The insurance regulator wants companies to not just rely on the credit ratings of their investments, but also wants them to apply their own judgement.
Taking to reporters on the sidelines of an event, IRDAI chairman Subhash Chandra Khuntia said that besides the ratings, each insurer should take a decision based on the company.
“We have told insurance companies that they should not only be looking at the ratings. They also need to apply their own judgement,” he added.
Khuntia said this in response to a question on insurers’ exposure to debt-ridden IL&FS. Insurers, including Life Insurance Corporation of India (LIC), have exposure to IL&FS and its group entities. LIC is also the largest shareholder in IL&FS with a 25.34 percent stake.
“Each insurer has a separate exposure. For any investment, our requirement is that it should be done in highly-rated investments. Insurers will have to take necessary actions for those (IL&FS) investments,” he added.
Insurance Regulatory and Development Authority of India (IRDAI) has been monitoring the IL&FS situation closely. Insurers have been asked to make adequate provisions in proportion to their exposure to IL&FS.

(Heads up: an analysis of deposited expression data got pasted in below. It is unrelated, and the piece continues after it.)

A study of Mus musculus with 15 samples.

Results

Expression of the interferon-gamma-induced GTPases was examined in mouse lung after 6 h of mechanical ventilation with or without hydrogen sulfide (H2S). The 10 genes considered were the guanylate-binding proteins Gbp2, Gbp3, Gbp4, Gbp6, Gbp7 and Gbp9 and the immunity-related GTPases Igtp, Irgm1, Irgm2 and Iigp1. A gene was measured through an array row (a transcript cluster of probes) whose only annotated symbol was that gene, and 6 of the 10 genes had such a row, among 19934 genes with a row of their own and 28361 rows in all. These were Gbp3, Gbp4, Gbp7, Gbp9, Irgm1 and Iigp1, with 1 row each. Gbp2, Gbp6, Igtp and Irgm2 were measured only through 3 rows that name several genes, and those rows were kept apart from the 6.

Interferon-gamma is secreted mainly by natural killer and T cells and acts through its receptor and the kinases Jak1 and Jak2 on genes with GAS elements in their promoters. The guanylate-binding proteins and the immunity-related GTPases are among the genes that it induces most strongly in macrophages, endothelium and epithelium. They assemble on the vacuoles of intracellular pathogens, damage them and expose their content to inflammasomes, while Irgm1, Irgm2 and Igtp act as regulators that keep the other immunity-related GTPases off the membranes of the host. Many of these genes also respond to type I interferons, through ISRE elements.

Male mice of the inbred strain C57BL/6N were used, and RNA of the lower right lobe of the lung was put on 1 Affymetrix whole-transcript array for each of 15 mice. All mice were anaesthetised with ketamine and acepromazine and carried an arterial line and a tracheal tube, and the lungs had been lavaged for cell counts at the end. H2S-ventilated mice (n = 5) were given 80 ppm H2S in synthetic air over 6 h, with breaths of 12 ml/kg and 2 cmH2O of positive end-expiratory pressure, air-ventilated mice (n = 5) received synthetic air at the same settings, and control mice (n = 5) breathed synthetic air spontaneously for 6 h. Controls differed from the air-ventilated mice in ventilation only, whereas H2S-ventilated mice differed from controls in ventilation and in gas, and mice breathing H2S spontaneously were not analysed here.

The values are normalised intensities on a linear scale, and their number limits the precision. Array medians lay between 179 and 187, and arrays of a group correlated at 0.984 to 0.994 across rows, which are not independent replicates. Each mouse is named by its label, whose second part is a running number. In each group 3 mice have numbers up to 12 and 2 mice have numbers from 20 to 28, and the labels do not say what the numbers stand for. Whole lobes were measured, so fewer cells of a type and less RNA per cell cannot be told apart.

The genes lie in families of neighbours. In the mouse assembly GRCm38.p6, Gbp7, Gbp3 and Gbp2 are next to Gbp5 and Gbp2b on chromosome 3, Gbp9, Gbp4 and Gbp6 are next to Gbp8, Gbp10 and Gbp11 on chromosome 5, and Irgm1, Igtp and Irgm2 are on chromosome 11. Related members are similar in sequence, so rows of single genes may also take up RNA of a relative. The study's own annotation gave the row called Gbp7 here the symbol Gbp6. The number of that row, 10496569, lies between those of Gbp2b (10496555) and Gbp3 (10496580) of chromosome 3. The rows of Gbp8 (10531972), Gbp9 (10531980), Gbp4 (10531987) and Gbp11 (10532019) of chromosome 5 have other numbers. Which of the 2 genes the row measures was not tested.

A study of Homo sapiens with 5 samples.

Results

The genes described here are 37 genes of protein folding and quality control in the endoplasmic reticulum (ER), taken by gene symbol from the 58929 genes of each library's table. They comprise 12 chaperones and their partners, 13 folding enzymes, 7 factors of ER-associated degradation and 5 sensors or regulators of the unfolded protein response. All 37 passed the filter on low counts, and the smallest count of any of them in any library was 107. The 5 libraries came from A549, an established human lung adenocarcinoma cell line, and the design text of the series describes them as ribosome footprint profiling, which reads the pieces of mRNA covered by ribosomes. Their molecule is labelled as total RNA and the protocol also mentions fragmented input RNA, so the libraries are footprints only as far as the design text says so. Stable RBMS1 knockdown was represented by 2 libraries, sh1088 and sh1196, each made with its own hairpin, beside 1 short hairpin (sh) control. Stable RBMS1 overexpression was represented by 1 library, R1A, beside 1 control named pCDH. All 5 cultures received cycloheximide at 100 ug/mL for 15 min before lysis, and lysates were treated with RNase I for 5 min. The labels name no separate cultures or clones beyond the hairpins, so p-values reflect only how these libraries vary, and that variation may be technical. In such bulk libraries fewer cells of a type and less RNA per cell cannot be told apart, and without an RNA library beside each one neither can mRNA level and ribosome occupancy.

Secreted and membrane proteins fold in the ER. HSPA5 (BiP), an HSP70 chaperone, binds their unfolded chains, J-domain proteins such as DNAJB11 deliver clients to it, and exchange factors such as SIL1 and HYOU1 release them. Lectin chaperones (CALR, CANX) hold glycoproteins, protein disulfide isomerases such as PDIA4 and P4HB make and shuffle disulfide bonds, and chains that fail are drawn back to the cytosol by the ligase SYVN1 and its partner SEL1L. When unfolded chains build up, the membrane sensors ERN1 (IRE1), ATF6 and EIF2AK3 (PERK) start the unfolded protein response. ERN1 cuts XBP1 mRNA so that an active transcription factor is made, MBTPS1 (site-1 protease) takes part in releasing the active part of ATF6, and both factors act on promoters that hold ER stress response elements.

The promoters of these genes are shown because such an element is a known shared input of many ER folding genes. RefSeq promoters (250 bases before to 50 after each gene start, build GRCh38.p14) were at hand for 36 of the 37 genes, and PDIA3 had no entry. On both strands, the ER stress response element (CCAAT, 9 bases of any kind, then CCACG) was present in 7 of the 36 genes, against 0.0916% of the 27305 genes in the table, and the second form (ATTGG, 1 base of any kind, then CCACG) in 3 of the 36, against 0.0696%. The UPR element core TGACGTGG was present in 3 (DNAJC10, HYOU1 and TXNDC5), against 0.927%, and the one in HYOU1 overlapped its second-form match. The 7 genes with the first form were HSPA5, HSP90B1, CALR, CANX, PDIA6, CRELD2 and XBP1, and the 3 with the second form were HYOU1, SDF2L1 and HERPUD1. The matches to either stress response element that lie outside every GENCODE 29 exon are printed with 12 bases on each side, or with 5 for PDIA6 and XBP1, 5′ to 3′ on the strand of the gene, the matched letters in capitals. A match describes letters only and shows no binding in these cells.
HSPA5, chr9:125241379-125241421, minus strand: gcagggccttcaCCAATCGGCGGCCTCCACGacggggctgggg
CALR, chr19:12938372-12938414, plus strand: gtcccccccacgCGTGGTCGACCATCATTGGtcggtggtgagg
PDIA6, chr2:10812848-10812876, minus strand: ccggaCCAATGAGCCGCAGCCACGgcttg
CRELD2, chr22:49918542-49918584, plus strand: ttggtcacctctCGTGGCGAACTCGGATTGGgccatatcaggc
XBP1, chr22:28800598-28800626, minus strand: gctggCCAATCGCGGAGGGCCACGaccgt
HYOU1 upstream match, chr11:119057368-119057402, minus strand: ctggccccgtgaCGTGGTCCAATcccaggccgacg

At the time of investment, the IL&FS instruments were AAA rated. The infrastructure lender has been facing crisis since June 2018 after it defaulted on inter-corporate deposits and commercial papers (borrowings) worth about Rs 450 crore. Over the next three months, rating agencies also downgraded the company’s long term ratings.
After that, several group entities have seen a ratings downgrade and have missed a series of debt payments. IL&FS has a cumulative debt of Rs 91,000 crore.
Khuntia said that considering policyholders’ interest, insurers have been asked to not pull out of investments once there is a ratings change.
The regulator has also asked insurers to bring out a risk registry. Each insurer will list out the type of risks that they face and the possible solutions for those risks. Khuntia said that this is like a guidance being given to them.